I just returned a few days ago from attending the NSTA 2017 national conference in Los Angeles. I spent most of my time attending sessions in the Next Generation Science Standards (NGSS) strand, given my on-going standards-based curriculum-design work with schools and districts.

During one session a presenter mentioned the Periodic Table of Elements and its organization, which got me thinking….

In 1869, Russian chemist, Dmitri Mendeleev, developed what has become known as the first periodic table. He arranged the elements according to their atomic mass and left spaces for undiscovered elements. His periodic table is a remarkable example of a scientist taking data and transforming it into usable information other scientists could then build upon, which is a hallmark of the Science and Engineering Practices (SEPs).

The subject areas of science, technology, engineering, and math, commonly referred to as STEM, are embedded throughout the NGSS and ask students to apply them authentically as both scientists and engineers. The cross-over of these four fields (five, if you include Arts for STEAM-based learning) enable students, similar to Mendeleev, to approach complex problems, collect necessary data, and synthesize and interpret findings.

These capabilities are in high-demand in our modern economy. Sadly, following the great recession(late 2007 until mid-2009), STEM job postings remained unfilled, according to Brookings:

“The shortage of STEM workers means that the gap in earnings and unemployment between STEM and non-STEM workers will worsen, exacerbating income inequality across all demographic groups,” said Rothwell. “Strategies to help the unemployed get jobs and low-wage workers improve their earnings should include improving educational and training opportunities to acquire STEM knowledge. Increased training in STEM fields like computer science and medicine will ease hiring for employers and lead to high-paying career paths for workers.”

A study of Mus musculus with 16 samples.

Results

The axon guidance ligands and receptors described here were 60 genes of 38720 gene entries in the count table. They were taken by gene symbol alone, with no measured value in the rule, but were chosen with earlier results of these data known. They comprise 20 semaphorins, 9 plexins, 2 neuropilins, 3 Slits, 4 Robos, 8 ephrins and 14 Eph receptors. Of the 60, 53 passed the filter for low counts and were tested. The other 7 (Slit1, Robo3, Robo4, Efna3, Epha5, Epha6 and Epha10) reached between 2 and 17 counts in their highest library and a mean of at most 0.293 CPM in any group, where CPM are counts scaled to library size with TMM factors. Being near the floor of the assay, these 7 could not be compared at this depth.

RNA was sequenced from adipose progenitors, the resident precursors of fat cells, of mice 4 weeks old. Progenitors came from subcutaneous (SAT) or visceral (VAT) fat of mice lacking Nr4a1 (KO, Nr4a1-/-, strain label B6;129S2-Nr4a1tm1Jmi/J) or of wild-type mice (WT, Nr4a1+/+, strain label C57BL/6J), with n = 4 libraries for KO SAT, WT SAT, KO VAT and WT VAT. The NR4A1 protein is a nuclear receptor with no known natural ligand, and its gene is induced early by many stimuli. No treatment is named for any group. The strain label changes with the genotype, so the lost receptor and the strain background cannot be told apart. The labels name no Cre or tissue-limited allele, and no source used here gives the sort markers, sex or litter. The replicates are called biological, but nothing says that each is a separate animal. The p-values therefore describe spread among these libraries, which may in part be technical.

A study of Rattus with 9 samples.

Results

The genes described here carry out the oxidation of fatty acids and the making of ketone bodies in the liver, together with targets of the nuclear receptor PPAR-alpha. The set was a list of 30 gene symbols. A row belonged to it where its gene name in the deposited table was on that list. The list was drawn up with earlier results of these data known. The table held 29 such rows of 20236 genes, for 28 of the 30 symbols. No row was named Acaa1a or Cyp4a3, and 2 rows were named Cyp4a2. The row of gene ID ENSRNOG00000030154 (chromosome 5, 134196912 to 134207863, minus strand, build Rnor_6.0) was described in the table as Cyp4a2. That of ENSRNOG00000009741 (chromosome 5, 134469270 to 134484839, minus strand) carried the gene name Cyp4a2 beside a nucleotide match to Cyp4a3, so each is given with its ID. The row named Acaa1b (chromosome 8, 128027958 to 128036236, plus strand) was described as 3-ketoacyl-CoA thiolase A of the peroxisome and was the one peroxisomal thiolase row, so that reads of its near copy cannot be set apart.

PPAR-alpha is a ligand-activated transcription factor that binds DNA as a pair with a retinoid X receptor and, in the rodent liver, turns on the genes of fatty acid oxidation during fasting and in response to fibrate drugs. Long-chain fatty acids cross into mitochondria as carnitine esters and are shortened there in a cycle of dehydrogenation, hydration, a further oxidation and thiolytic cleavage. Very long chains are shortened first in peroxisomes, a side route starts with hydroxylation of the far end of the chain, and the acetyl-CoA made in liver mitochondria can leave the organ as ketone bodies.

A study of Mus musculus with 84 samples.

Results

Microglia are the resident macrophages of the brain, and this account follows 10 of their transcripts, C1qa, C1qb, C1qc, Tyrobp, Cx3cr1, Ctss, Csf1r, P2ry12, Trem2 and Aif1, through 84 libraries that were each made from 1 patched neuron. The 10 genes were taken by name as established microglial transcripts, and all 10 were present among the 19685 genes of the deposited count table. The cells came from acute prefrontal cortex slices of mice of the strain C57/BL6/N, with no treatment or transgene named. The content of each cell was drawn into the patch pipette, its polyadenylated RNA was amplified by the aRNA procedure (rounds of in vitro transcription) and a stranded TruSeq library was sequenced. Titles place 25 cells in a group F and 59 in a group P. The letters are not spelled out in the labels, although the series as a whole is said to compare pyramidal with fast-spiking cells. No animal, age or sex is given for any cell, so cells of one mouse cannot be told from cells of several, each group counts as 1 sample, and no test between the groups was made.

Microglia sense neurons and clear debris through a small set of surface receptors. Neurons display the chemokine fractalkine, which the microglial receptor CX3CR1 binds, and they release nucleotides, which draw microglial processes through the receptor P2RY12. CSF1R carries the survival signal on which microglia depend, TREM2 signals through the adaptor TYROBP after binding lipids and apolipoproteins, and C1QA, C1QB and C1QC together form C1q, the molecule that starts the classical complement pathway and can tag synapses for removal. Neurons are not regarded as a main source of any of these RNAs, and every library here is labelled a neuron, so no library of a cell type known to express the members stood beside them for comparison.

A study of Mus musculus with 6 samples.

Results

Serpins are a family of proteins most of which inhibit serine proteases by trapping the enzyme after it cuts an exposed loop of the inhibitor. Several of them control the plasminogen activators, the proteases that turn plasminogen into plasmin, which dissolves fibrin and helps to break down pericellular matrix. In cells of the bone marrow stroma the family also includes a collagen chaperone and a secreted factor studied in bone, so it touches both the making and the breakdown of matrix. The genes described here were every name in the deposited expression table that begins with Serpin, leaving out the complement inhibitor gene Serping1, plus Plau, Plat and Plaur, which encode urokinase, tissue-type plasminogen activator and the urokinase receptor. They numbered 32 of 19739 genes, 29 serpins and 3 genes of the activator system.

This is why it is critical that NGSS-based curriculum and STEM/STEAM development must begin at the onset of students’ elementary education years and continue throughout their high school education.

Developing NGSS-based curriculum is challenging, but worthwhile and needed. Likewise, integrating STEM/STEAM into an existing curriculum framework is not a simple task. With any curriculum innovation, K-12 education leaders know they must be mindful of how these curriculum decisions will:

  • Affect their students’ abilities to reach determined STEM/STEAM milestones, while meeting or required NGSS 3-Dimensional education standards;
  • Ensure differentiated instruction and personalized learning opportunities; and
  • Provide adequate and embedded NGSS and STEM teacher training, including advancements in instructional technology.

Just like Mendeleev’s accomplishments nearly 150 years ago, we must create the best curriculum framework from what we know is in our students’ best interests today, and provide innovative opportunities for them by leaving room for future minds to improve upon it.

For expertise in how to design NGSS-based, three-dimensional curriculum and instruction, or incorporate STEM-based learning into your current curriculum development, please contact us at Curriculum Decisions.